New York City

Defeated ex-IDC members have yet to concede

All six of the ousted Independent Democratic Conference members could campaign on a third party ballot line in the general.

State Sen. Jeff Klein

State Sen. Jeff Klein Photo by Mike Groll

Following a night of astounding upsets for former members of the now-defunct state Senate Independent Democratic conference, four of the six incumbents who lost their contests appear not to have conceded defeat or congratulated the candidates who beat them.

State Sen. David Valesky has not conceded in his 53rd Senate District race against educator and activist Rachel May, The Syracuse Post-Standard reported, but May has also not yet declared victory. The campaigns are waiting for about 600 absentee ballots to be counted since May won by only a 606-vote margin.

Three of the other five ex-IDC incumbents who lost – state Sens. Tony Avella, Jeff Klein and Jesse Hamilton – have apparently remained silent in the wake of their defeats. Their campaigns have not sent out press releases conceding the races or congratulating the winners, and their Twitter feeds have remained inactive since before polls closed.

However, according to the Columbia University publication The Uptowner, state Sen. Marisol Alcantara, who lost to Robert Jackson, told supporters, “I want to congratulate my opponent. I’m helping him with whatever transition we need.”

State Sen. Jose Peralta publicly conceded to his rival, Jessica Ramos, on Friday, saying, “If we want to move New York forward, all Democrats must work together. In that spirit, I will be supporting Ms. Ramos in the general election, and I will assist her in whatever capacity to ensure a smooth transition.”

Requests for comment sent to the other former IDC candidates who lost were not immediately answered.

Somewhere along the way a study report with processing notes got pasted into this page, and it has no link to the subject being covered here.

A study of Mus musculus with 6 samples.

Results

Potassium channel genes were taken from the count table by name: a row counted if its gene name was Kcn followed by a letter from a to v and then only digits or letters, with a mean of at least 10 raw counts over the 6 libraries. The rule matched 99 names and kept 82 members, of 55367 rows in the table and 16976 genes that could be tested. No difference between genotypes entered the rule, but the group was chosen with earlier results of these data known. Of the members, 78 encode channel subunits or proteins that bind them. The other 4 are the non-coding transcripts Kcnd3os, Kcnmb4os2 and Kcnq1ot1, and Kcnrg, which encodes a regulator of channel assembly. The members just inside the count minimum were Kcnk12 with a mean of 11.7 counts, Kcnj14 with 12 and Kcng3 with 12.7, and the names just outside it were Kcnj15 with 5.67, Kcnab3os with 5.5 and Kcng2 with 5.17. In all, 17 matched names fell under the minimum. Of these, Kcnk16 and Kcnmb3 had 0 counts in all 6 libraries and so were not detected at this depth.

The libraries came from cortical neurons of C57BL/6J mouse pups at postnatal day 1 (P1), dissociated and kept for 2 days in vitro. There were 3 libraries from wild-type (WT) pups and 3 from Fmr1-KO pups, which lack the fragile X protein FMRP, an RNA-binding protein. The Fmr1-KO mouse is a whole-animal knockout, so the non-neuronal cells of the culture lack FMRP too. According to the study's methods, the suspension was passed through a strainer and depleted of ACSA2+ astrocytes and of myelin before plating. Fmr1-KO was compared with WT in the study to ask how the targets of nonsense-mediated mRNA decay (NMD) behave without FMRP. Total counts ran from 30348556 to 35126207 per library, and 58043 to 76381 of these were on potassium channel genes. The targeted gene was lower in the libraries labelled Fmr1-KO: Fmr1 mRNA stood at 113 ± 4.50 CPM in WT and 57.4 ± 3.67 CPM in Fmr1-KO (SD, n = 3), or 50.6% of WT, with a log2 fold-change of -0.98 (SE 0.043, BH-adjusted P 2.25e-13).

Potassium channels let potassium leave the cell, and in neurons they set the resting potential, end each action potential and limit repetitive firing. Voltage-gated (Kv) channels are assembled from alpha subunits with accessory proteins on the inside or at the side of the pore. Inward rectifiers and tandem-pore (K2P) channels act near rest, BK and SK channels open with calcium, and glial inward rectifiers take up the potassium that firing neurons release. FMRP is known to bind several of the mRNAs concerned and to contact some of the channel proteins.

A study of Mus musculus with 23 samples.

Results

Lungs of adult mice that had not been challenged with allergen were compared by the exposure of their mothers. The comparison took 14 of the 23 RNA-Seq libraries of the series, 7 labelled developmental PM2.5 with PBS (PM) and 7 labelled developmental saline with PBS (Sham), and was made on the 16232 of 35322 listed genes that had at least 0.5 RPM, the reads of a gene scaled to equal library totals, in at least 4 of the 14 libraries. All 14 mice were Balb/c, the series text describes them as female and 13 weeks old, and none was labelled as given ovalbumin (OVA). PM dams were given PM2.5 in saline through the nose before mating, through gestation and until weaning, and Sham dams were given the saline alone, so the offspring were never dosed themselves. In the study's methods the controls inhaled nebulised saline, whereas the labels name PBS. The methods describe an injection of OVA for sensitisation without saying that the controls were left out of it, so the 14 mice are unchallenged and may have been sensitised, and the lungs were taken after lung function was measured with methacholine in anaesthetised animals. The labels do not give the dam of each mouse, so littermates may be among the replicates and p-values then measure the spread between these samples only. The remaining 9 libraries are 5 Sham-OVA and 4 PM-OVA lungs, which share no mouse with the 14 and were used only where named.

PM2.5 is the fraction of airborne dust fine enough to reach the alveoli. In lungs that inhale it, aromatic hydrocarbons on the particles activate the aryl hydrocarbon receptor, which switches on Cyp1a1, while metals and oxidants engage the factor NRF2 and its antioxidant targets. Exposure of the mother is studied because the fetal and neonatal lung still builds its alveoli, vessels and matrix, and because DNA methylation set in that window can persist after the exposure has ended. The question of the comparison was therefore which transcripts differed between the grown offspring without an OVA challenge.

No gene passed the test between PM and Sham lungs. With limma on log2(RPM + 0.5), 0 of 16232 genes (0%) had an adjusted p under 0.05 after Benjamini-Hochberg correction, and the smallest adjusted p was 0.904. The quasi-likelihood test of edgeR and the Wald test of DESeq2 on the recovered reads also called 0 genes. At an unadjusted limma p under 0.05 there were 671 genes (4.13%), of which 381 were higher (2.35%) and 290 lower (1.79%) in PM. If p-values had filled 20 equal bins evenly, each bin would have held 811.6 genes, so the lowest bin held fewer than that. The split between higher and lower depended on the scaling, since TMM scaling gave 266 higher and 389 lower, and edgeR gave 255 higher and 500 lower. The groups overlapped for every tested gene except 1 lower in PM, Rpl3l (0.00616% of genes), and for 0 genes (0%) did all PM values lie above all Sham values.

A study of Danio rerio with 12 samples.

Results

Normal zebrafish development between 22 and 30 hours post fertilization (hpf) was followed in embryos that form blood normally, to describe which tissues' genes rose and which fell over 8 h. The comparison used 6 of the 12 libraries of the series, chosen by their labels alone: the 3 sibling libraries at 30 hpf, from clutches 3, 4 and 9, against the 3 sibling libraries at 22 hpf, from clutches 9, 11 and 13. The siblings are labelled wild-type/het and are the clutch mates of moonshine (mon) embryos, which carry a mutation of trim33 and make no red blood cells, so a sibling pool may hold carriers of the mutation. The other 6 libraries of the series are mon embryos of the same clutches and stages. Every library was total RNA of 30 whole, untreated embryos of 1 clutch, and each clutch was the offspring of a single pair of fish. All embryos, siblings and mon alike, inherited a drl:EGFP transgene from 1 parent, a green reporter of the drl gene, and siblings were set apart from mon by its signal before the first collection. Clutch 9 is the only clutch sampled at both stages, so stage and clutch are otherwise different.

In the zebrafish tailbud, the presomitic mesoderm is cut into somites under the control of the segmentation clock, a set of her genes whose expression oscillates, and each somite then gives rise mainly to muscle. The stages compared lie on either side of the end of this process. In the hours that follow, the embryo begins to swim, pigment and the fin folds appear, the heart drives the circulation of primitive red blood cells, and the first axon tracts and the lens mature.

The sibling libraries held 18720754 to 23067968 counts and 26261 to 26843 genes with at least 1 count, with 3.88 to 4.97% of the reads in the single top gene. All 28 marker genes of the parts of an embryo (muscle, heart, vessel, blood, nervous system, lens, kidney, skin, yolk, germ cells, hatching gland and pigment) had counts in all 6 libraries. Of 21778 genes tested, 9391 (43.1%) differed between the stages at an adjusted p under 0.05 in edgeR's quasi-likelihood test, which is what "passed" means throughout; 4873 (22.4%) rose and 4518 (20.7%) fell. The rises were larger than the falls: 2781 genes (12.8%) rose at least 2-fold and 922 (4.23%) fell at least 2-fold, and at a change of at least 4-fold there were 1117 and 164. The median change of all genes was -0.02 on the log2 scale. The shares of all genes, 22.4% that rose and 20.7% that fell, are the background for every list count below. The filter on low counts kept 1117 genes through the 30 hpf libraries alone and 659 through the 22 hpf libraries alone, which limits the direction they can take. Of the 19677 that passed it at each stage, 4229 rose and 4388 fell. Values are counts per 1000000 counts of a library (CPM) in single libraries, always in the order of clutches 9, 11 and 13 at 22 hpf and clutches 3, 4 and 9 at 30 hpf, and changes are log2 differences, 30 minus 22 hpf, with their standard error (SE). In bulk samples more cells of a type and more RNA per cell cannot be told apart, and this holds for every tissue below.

A campaign spokesman for Zellnor Myrie, who bested Hamilton in Senate District 20  in Brooklyn, told City & State that Myrie had not yet heard from the defeated incumbent. A spokesman for Robert Jackson, who defeated Alcantara in Senate District 31 in Manhattan, was unable to confirm whether or not she reached out given the chaos of election night. Jessica Ramos told City & State she has not yet been contacted by Peralta, whom she ousted in District 13 in Queens. A spokeswoman for John Liu, who defeated Avella in Senate District 11 in Queens, said Liu has also not heard from Avella yet. A spokesman for Alessandra Biaggi, who beat Klein in District 34 in the Bronx and part of Westchester County, said over the weekend that the pair have left phone messages for each other, but have not actually spoken.

All six losers are set to appear on at least one third party ballot line in November, raising the question of whether any of them will continue to campaign through the general election. When asked Thursday night, Valesky, who has a very slim path to victory even with the absentee ballots, told The Syracuse Post-Standard that he has not yet made a decision on continuing his campaign. If he runs it could conceivably split the vote in the general election, as the district is not as strongly Democratic as those in New York City and could empower a Republican.

The campaigns of Avella, Hamilton, Klein and Alcantara did not immediately return requests for comment. A spokesman for Peralta sent a public statement which, while expressing support for Ramos, did not explicitly mention the third party ballot lines. Neither Myrie nor Ramos face Republican challengers in the election, so a third party run by Hamilton or Peralta would not risk the election of a Republican, but victory would be highly unlikely. Biaggi, Avella and Jackson each face Republicans in the general election, raising the unlikely possibility that the GOP candidates could benefit from a split ticket.

Correction: An earlier version of this post incorrectly stated the preliminary vote margin between Rachel May and David Valesky. This post also has been updated with remarks by state Sen. Jose Peralta.